A consistent refrain from US Securities and Exchange Commission (SEC) Chairman Gary Gensler since his appointment has been the acknowledgment of the widening gap between today’s communication technologies and existing recordkeeping rulesets. While this may be a Captain Obvious statement to anyone attempting to reconcile the concepts of 1990s era WORM-based spinning disk storage devices with interactive, multi-modal, asynchronous communication sources, it has not been clear to date exactly where and how the SEC envisioned this gap being addressed.
However, with the growing fascination and demand for cryptocurrencies and their underlying blockchain and distributed ledger infrastructures, it’s clear that the time to act has arrived. Which brings us to the arrival of the proposed update to SEC Rules 17a-4, along with SEC 18a-6 (for firms not registered as broker-dealers).
Summary of the Rule
Record Preservation Requirements for Broker-Dealers (17a-4) and SBSD and MSBSP not registered as BDs (18a-6).
Amendments to Rule 17a-4 would now allow an audit-trial alternative to the current requirement that digital records be preserved exclusively in a non-rewriteable, non-erasable format. Rule 18a-6 (non-bank SBS Entities) would now include either WORM or an audit-trail alternative requirement.
In essence, the SEC seeks to make 17a-4 more focused on maintaining and preserving digital records in a manner that protects the authenticity and reliability of original records, versus focusing on the underlying technology. Registrants would have the flexibility to preserve all their electronic records, either by:
- Consistently using an electronic recordkeeping system that meets the audit-trail requirements
- Consistently using an electronic recordkeeping system that meets WORM (write once, read many) requirements
- Preserving some digital records using an electronic recordkeeping system that meets the audit-trail requirement and preserving other digital records using an electronic recordkeeping system that meets the WORM requirement
One noticeable change in the proposed rule would be to eliminate the provision that a broker-dealer engage a third party who has access to, and the ability to, download information from the broker-dealer’s digital storage media to any acceptable medium under the rule (SEC 17-4(f)). The requirement calls for the designation of a third party to provide access to the broker-dealer’s electronic records and provide them to the SEC and other securities regulators upon request.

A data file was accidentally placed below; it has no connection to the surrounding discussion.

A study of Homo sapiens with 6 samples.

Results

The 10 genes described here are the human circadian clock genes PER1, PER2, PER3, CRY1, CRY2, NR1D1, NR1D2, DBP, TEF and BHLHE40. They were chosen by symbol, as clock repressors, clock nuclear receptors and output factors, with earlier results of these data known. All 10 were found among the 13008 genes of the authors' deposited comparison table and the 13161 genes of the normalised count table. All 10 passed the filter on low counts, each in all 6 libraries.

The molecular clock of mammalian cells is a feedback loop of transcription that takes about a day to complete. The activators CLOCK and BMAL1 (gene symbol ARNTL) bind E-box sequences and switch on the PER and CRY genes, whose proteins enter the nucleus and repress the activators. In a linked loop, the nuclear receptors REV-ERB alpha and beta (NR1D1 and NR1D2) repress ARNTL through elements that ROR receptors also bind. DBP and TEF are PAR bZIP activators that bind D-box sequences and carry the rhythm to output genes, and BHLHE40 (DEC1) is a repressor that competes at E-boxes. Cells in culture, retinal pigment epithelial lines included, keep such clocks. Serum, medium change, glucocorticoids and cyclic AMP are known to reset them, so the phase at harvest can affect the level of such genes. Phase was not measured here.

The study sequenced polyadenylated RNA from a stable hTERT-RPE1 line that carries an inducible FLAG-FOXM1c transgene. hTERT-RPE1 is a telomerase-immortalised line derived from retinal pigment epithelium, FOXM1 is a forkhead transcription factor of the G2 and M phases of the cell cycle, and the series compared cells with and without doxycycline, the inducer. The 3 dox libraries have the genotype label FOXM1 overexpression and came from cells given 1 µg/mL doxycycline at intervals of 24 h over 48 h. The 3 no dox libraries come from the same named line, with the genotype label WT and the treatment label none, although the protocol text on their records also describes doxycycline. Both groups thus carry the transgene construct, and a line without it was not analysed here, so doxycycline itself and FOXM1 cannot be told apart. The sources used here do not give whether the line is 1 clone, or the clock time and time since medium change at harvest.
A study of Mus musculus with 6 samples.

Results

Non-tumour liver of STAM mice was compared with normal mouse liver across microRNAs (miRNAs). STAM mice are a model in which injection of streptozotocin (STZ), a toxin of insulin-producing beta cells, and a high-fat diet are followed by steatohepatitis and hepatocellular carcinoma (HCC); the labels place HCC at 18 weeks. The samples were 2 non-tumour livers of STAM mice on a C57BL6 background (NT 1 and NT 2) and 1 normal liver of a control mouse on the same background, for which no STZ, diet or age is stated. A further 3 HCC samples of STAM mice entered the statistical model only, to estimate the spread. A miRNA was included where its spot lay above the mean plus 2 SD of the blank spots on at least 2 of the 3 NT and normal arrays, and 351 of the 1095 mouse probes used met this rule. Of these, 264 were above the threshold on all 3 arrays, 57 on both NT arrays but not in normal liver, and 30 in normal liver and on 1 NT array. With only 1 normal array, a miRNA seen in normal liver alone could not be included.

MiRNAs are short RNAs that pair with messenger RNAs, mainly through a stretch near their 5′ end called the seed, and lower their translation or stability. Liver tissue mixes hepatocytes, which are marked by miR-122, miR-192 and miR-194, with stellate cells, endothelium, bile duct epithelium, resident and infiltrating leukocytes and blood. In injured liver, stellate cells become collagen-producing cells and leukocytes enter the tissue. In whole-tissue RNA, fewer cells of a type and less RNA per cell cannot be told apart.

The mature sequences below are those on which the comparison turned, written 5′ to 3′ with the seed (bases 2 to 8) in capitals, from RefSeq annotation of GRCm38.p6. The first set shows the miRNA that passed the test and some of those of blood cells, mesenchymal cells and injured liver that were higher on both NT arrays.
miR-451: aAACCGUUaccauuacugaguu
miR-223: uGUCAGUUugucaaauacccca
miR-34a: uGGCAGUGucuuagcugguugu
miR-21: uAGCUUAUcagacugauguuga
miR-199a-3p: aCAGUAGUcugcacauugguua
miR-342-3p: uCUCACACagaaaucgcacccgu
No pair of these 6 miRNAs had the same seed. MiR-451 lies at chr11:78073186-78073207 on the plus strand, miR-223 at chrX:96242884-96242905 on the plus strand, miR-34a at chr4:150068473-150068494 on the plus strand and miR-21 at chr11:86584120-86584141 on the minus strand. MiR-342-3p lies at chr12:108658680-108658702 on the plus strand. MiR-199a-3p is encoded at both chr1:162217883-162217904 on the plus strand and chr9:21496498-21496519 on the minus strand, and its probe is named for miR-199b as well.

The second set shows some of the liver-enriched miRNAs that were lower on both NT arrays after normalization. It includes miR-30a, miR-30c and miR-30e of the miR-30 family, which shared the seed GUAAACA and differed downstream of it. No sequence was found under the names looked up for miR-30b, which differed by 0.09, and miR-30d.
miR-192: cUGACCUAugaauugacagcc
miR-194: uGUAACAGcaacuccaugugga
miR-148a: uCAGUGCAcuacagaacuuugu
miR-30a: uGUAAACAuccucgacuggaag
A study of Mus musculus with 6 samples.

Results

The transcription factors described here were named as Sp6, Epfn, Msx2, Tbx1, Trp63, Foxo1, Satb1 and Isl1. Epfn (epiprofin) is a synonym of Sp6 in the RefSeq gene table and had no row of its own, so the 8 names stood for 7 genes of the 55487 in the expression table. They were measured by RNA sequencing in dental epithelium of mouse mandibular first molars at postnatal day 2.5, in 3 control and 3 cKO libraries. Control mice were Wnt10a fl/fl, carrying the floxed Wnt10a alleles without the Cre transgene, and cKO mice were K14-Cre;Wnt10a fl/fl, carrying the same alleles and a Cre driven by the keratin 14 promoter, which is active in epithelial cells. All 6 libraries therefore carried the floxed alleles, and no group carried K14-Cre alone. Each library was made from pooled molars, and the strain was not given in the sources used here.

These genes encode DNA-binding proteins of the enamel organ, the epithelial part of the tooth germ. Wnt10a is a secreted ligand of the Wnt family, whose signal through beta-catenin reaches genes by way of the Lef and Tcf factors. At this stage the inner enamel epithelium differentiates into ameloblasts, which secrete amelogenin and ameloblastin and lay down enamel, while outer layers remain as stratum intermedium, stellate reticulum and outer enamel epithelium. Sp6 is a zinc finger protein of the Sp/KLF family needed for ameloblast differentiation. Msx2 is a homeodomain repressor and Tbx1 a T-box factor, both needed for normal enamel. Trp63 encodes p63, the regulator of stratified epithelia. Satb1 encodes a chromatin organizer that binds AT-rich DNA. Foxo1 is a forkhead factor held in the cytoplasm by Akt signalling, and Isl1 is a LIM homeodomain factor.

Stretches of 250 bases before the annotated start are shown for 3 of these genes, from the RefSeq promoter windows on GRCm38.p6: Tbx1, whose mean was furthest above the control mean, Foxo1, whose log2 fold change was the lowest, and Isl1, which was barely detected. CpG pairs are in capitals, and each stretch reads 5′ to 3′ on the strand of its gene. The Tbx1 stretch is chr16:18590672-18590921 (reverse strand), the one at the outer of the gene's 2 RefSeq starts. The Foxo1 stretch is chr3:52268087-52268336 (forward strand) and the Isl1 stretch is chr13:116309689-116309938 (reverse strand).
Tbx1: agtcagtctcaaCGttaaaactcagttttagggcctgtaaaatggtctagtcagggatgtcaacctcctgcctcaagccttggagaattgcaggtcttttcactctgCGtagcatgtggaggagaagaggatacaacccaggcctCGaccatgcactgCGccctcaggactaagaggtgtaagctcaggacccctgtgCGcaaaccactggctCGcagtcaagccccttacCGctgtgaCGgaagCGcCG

This will now be the responsibility of a broker-dealer senior officer. Amendments would always require that at least one senior officer of the broker-dealer, who has independent access to, and the ability to, provide the records execute the undertakings.
Records and audit trails must be furnished to the SEC in a reasonably usable digital format that is compatible with commonly used systems for assessing and reading electronic records. Beware of proprietary digital formatted records. (See Section II Proposed Amendments, subsection D for Requirements for Electronic Recordkeeping Systems.)
The amendments would also eliminate the need for broker-dealers to notify their designated examining authority of which third party it intends to use, prior to (at least 90 days) employing digitally stored media.
Potential business impact
The proposed change raises several important questions, including:
- What is the current market demand to store digital communications on distributed ledger technology?
- Will adoption be focused on transactional and structured trade data, such as swaps?
- How soon will the market acceptance of cryptocurrency securities change these dynamics?
While these questions get sorted over the comment period prior to adoption, we thought we’d get the perspective of one of the leaders in FINRA’s (Financial Industry Regulatory Authority) early efforts toward technology modernization, former CIO Marty Colburn.
Marty indicated this change could be a compelling reason for those interested in exploring audit trail technology to streamline compliance by integrating items like transactions into one system for reconciliation — typically addressed via downstream processes.
As Marty said, “it took several years to see any adoption after the consolidated audit trail was implemented, and I’d not expect anything different here.” Marty also said that he could envision those communications among multiple parties involved in cryptocurrency securities or digital asset transactions could potentially benefit by making it easier to associate communications to their specific block in the chain.
However, understanding the required investments to modify existing processes and languages to make these associations will likely result in smaller fintech firms moving faster and farther than their larger counterparts, at least in the short term after the final rule is implemented. The result, as Marty noted, is an opportunity for innovation — where the agility, flexibility and business focus on one’s communications technology infrastructure will have a very strong influence in determining the next generation of market leaders.
Featured webinar: 2021 Regulatory Roundup and Year Ahead: Hybrid Work, DeFi and Crypto Compliance – Watch On-Demand
Source: Smarsh – Author: Tiffany Magri
About the author
As a Regulatory Advisor at Smarsh, Tiffany Magri monitors, evaluates and consults on the financial services regulatory landscape. Tiffany has more than 10 years of experience facilitating compliance with laws and regulations, policies, and risk management. Prior to joining Smarsh, Tiffany was a Senior Associate at Benefit Street Partners and a Compliance Analyst at Broadstone and Manning & Napier Advisors.